A teenager in Madison, Connecticut, was arrested Wednesday for “Zoom bombing” Daniel Hand High School classes that were being held on the online platform Zoom. Zoom bombing is when an individual joins a Zoom meeting uninvited and then intentionally disrupts the meeting.
The Hartford Courant reported that on multiple occasions, a Madison teenager Zoom bombed multiple Daniel Hand High School classes that were taking place on the platform, disrupting the classes by using “obscene language” and making “gestures.”
The police were able to trace the Zoom bomber, and they arrested the teenage boy. Captain Joseph Race of the Madison Connecticut Police Department confirmed that the teenager, who has not been named because of his age, has been charged with fifth-degree computer crime, fifth-degree conspiracy to commit a computer crime, and breach of peace.
Madison Is Switching From Zoom to Google Meet Until Zoom Addresses ‘Security Concerns’
Since the COVID-19 coronavirus outbreak, public schools all around the United States have started hosting classes on the platform Zoom. Madison teachers are expected to host at least one live session with their class a week.
On Tuesday, the official Facebook page for Madison Public Schools posted that live session classes would take place on Google Meet until Zoom addressed “security concerns.”
The Facebook post written by Madison Superintendent Tom Scarice said, “Zoom has been our preferred platform due to ease of use and compliance with the Connecticut Student Data Privacy Act. The Zoom platform has experienced high use however, and we have decided to suspend use of Zoom for whole group instruction until the district can have more assurance that Zoom has addressed security concerns.”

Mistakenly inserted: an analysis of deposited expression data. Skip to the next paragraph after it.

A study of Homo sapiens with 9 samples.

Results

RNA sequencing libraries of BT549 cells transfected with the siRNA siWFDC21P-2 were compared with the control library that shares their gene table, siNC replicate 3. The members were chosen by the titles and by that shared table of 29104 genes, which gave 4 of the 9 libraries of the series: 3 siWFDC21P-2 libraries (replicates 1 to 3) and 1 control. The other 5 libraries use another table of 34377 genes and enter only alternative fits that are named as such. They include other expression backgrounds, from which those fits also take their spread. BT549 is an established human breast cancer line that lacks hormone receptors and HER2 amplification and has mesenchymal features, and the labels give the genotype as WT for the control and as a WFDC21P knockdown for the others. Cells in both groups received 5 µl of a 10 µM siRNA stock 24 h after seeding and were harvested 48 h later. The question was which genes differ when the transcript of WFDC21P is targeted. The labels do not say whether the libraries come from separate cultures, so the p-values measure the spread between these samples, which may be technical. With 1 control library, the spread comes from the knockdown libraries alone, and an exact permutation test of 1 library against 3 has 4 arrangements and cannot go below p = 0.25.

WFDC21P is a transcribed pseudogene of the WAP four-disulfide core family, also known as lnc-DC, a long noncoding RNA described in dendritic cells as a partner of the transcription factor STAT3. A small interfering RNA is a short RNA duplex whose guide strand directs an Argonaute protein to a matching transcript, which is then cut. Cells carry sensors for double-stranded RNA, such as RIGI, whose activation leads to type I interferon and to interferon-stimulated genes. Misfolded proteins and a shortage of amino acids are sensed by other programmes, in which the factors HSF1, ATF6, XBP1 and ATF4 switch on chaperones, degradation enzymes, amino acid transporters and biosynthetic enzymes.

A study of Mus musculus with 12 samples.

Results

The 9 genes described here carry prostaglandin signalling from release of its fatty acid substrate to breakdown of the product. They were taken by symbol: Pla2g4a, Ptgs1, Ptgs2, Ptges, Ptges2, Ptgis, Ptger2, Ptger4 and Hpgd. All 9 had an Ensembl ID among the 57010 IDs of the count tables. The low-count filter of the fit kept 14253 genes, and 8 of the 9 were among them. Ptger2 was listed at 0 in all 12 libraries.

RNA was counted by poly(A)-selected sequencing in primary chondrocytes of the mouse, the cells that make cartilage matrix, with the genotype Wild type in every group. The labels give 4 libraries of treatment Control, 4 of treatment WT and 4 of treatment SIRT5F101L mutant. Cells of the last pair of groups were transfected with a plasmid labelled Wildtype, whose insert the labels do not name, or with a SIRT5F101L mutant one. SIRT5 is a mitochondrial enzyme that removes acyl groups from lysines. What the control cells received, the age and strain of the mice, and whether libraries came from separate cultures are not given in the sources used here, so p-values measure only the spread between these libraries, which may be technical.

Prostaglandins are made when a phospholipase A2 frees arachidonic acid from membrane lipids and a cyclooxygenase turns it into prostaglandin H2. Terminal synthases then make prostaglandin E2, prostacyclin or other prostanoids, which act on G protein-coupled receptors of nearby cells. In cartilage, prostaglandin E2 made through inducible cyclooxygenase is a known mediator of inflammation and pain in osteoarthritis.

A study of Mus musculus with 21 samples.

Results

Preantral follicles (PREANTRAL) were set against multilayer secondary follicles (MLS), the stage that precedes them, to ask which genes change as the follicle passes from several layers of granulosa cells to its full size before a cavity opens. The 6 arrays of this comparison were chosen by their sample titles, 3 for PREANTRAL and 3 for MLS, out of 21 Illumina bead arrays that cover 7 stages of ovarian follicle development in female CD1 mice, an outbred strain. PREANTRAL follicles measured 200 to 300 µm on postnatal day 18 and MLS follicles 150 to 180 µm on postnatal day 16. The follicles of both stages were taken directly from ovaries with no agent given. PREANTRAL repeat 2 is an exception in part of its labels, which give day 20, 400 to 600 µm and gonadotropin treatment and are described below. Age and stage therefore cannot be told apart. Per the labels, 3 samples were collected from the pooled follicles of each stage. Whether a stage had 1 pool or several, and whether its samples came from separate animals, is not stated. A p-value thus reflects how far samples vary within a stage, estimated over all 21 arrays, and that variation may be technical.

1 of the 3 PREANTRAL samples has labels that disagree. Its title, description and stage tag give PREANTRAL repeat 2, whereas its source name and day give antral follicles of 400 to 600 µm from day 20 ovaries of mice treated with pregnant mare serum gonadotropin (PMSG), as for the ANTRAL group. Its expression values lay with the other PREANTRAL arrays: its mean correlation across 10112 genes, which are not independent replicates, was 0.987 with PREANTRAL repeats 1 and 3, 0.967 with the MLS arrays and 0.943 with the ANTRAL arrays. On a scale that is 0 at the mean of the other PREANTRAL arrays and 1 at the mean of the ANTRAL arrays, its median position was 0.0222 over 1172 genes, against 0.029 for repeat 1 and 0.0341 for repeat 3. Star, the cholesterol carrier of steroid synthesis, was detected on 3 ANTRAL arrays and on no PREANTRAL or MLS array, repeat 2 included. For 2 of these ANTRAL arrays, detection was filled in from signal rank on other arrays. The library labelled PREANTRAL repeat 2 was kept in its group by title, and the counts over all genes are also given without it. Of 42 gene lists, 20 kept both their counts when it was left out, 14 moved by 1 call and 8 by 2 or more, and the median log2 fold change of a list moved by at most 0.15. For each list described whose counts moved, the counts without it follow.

Zoom Is Focusing on Fixing Privacy Issues as Hundreds of Millions of People Use the Platform
Since the start of the coronavirus pandemic, the number of users on Zoom has skyrocketed. Zoom CEO Eric Yuan said that in December 2019, “the maximum number of daily meeting participants, both free and paid, conducted on Zoom was approximately 10 million. In March this year, we reached more than 200 million daily meeting participants, both free and paid.”
According to the CEO, 90,000 schools in 20 countries have sought out Zoom’s help to continue education online during the COVID-19 pandemic.
Yuan is well aware of Zoom bombing and said, “We recognize that we have fallen short of the community’s – and our own – privacy and security expectations.” The company is focusing on fixing the platform’s privacy issues, he said.
According to CNET, it is fairly easy for individuals to Zoom bomb. Someone can find unprotected meetings by searching “Zoom.us” URLs. By doing that, the user can also find social media pages that have added their Zoom meetings links to.
In a March 30 statement, the FBI said Zoom meetings and classrooms should not be made public. The agency said, “In Zoom, there are two options to make a meeting private: require a meeting password or use the waiting room feature and control the admittance of guests.”